PALM BEACH, FLA. -- John Davidson has spent the better portion of four decades involved in the NHL, joining the League as a player and now serving as president of the St. Louis Blues after a distinguished broadcasting career.
Since he arrived in St. Louis as a rookie goalie in 1973, Davidson has been among the vanguard of those trying to raise the sport's profile in the United States. For Davidson, who was born in hockey-mad Ottawa, Ont., the struggle to grow the game in the U.S. has not always been easy, but he believes all the hard work by pioneers like himself is starting to pay off in spades.
"It's nice to see the NHL evolve over the last few seasons to where people genuinely want us," Davidson said Tuesday at the Board of Governors Meetings.
Davidson was talking specifically about the anticipated bidding war among several entities for rights to televise the sport in America when the current deals with Versus and NBC expire at the end of the 2010-11 season; but judging from the positive vibes coming out of these meetings, it appears that the game is in more demand than at any time in recent memory.
"It's pretty vibrant right now," Davidson said.
He needs to look no further than his own market for validation.
The Blues, fueled by a core of young players that includes Erik Johnson, David Perron
, TJ Oshie and David Backes
, as well as goalie Jaroslav Halak
, have made serious inroads into the consciousness of the region's sports fans.
The team's television ratings are up significantly. The youth hockey scene is as more active than ever, producing a higher-caliber player each year. Davidson points to the fact that a St. Louis peewee team -- coached by Blues legend Al MacInnis, now a member of the team's front office -- went to Quebec and won a prestigious tournament there. He also says that more and more teen-aged players in the St. Louis area are now earning college scholarships to play hockey.
Plus, Dave Checketts, the Blues' owner, is close to ending his search for new investors. According to Davidson, the interest to invest in the team shows that the Blues are becoming a more viable member of the city's business community.
"He's been pretty busy with it and there's been plenty of interest," Davidson said of Checketts' quest to find new partners, one Checketts said Tuesday is near its finish. "St. Louis is a good hockey market. There is a lot of corporate interest. He's had a lot of very good people very interested in being a part of it."
But it is not just the renaissance in St. Louis that has Davidson excited.
It is also the high profile the game is enjoying in so many American markets, a fact he believes will be borne out when several broadcast networks enter into the fray to get a piece of the American rights in the upcoming TV negotiations.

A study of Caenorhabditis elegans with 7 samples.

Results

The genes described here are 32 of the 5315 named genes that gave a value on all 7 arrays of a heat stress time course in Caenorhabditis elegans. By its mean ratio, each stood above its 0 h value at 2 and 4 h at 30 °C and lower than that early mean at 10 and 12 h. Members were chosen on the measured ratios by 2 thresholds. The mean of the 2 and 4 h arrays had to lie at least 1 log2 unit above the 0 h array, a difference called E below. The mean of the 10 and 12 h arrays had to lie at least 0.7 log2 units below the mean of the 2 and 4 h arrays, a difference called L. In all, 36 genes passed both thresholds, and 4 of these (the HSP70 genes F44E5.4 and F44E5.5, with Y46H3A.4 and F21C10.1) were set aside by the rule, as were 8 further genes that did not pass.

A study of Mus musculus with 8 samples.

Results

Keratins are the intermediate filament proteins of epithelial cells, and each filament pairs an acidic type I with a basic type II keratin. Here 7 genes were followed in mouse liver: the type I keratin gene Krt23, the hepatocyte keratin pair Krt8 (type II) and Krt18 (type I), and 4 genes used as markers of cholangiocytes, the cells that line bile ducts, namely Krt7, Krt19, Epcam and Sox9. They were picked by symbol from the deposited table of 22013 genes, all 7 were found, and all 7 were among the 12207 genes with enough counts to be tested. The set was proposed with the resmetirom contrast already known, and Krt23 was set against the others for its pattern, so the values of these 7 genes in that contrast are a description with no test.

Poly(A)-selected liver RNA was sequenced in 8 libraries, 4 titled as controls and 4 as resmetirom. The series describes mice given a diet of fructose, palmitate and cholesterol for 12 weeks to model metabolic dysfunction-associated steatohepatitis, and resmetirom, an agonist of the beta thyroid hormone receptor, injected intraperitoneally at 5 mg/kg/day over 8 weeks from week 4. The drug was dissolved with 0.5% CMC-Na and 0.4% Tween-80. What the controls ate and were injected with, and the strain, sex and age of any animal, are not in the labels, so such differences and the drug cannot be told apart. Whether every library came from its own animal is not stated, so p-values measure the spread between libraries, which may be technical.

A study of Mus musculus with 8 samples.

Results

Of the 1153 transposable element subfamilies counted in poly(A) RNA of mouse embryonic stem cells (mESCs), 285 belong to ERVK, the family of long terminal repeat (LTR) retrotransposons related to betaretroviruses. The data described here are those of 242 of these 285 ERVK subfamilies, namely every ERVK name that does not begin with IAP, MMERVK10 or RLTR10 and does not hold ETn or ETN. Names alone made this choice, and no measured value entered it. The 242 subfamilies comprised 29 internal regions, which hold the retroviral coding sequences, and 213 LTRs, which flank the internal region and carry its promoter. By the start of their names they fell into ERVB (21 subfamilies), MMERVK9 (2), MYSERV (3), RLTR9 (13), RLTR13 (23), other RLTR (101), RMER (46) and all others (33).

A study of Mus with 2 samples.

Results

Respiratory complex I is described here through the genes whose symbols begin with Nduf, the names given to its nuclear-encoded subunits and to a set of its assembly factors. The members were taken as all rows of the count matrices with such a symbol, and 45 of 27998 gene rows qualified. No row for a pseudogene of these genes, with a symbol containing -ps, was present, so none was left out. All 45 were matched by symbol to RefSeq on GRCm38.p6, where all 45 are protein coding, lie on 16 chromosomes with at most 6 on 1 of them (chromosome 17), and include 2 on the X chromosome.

"To have the game be in this position, for us to have people that run networks be very interested in it, it makes me feel good because we fought the fight for a long time in the United States, knowing it's a great game," said Davidson, who spent more than two decades in the TV business before joining the Blues front office in 2006.
"All I know is there is genuine interest."
NHL Commissioner Gary Bettman admitted as much in his closing press conference Tuesday afternoon.
Bettman said that the League is currently in an exclusive negotiating period with Versus, the League's American cable partner, at the moment. A similar window with NBC, the American major network partner, follows shortly after. But then, other entities can enter the process.
There is much speculation that several over-the-air and cable networks will make inquiries.
"What's different is we're a much more significant player in the media landscape than we've been for a whole host of reasons," Bettman said. "It's the game on the ice, the competitive balance, variety of thing we're doing to engage our fans, the presence of digital media. Our ratings are stronger. We had a terrific year last year, including during the playoffs where we set all sorts of records for us. The last few years we're in a good place; better than we've been on a whole host of platforms and measurables. I think there's interest in us more than there's ever been and that's a good thing."
Davidson, the broadcast vet, says it is the product, more than anything else, which has drawn the interest of not only the fans, but the television networks.
"I think our game, with the way it's evolved, we went through a long period of time where our players had to learn not to hook and hold," Davidson said. "Now the game is fast. The younger players are fun to watch.
"There are a lot of younger players where the fans in their buildings are watching them grow right in front of their eyes," he said. "With myself being around as long as I was trying to sell the game in the States as a broadcaster, to see it coming to a real good form of fruition is pretty gratifying."